Joint study to take biodiversity research to next level


Satreps-Pubs will be a platform for Sarawakian researchers to develop and enhance their research capability with the aid of these experts using high tech equipment, said Forest Department Sarawak director Datuk Hamden Mohammad.

He said the total cost for the five-year implementation of the project which will run until 2026 is expected to be around RM17 million.

It will cover a wide variety of fields of study and is an opportunity for capacity building especially for young researchers in the state, he added.

“This can be achieved through attachment or training either in Japan or locally; transferring of technology; or continuing their studies for masters and PhD in universities locally or in Japan,” he said in his speech read by his deputy, Jack Liam at the opening of the Satreps-Pubs Workshop at a hotel, here on Tuesday (Nov 16).

Satreps stands for Science and Technology Research Partnership for Sustainable Development.

It is a collaboration between the Sarawak government and three Japanese agencies, namely the Japan Science and Technology Agency (JST), Japan International Cooperation Agency (Jics) and Kyoto University.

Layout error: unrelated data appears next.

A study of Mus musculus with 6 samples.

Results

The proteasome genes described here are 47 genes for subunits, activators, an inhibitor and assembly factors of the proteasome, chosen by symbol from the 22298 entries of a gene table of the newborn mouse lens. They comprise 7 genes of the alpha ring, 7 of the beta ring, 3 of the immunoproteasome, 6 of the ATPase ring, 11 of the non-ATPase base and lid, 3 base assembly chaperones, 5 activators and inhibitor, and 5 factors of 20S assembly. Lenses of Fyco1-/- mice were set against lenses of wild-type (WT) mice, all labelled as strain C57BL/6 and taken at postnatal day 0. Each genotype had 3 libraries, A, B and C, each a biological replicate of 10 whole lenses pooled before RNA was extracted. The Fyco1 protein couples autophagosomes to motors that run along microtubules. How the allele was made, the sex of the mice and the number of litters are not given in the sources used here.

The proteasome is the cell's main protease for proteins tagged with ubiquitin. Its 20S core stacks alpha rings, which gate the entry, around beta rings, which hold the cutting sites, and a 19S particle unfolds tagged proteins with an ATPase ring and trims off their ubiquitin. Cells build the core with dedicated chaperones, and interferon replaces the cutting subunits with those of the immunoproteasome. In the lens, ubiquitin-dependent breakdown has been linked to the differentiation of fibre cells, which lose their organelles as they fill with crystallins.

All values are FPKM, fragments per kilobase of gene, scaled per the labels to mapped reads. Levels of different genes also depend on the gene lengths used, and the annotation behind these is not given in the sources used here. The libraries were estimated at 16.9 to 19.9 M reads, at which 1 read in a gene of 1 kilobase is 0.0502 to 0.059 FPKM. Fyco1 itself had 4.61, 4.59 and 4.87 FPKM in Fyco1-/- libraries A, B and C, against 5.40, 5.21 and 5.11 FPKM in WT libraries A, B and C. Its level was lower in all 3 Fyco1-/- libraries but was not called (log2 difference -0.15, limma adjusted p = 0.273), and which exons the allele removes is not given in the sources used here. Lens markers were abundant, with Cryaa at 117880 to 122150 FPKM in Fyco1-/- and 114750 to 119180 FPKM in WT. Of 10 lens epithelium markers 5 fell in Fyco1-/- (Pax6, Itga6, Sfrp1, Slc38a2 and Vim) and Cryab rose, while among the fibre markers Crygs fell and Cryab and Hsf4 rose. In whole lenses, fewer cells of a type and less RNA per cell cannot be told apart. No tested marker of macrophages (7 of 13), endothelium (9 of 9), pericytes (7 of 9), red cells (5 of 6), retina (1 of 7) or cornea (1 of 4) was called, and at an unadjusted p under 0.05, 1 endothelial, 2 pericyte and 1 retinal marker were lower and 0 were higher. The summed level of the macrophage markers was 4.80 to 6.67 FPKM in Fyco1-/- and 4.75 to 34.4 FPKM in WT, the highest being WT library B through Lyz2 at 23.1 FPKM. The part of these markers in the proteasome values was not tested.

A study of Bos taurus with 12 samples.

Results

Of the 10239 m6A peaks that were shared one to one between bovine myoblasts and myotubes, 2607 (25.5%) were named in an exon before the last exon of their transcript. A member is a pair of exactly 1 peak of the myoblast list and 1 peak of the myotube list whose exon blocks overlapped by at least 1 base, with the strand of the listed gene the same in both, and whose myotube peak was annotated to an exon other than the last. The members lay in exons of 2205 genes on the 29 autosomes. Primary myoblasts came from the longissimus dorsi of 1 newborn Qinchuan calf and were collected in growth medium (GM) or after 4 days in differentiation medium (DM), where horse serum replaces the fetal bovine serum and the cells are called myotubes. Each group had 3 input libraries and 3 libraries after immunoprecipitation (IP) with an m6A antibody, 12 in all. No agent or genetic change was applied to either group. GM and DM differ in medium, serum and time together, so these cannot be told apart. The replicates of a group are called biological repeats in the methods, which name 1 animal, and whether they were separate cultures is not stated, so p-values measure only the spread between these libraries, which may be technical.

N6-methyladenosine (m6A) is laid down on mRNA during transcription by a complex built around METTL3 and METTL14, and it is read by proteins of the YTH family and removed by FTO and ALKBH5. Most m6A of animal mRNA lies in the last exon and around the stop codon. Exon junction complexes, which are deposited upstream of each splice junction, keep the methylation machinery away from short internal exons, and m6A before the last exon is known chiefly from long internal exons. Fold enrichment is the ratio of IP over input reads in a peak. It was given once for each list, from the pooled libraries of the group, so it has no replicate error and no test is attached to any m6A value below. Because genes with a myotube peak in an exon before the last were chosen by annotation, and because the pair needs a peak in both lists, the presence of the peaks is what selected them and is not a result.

Hamden said the main purpose of the project was to strengthen the function of protected areas, including the intellectual use of biodiversity as a result of collaboration across research, government and private sectors in the management of protected areas in Sarawak.

Under the project, he said state-of-the-art equipment would also be procured for research and development purposes.

“Among the pieces of equipment are two units of next-generation sequencers and one 3-D scanner. These will be delivered to Sarawak soon.

“We are also in the process of procuring four units of microscopes, four units of deep freezers and one computer to be attached with the 3-D scanner,” he explained.

He added that the project would also aid the state in developing basic infrastructure for scientific research.

“Apart from that, this project will also help to train local researchers through a transfer of technology and knowledge of DNA sequencing analysis, manage our biological specimens through enhancement of databases, upgrade protected area management systems using advanced scientific data and recommend policies for management of protected areas in Sarawak,” said Hamden.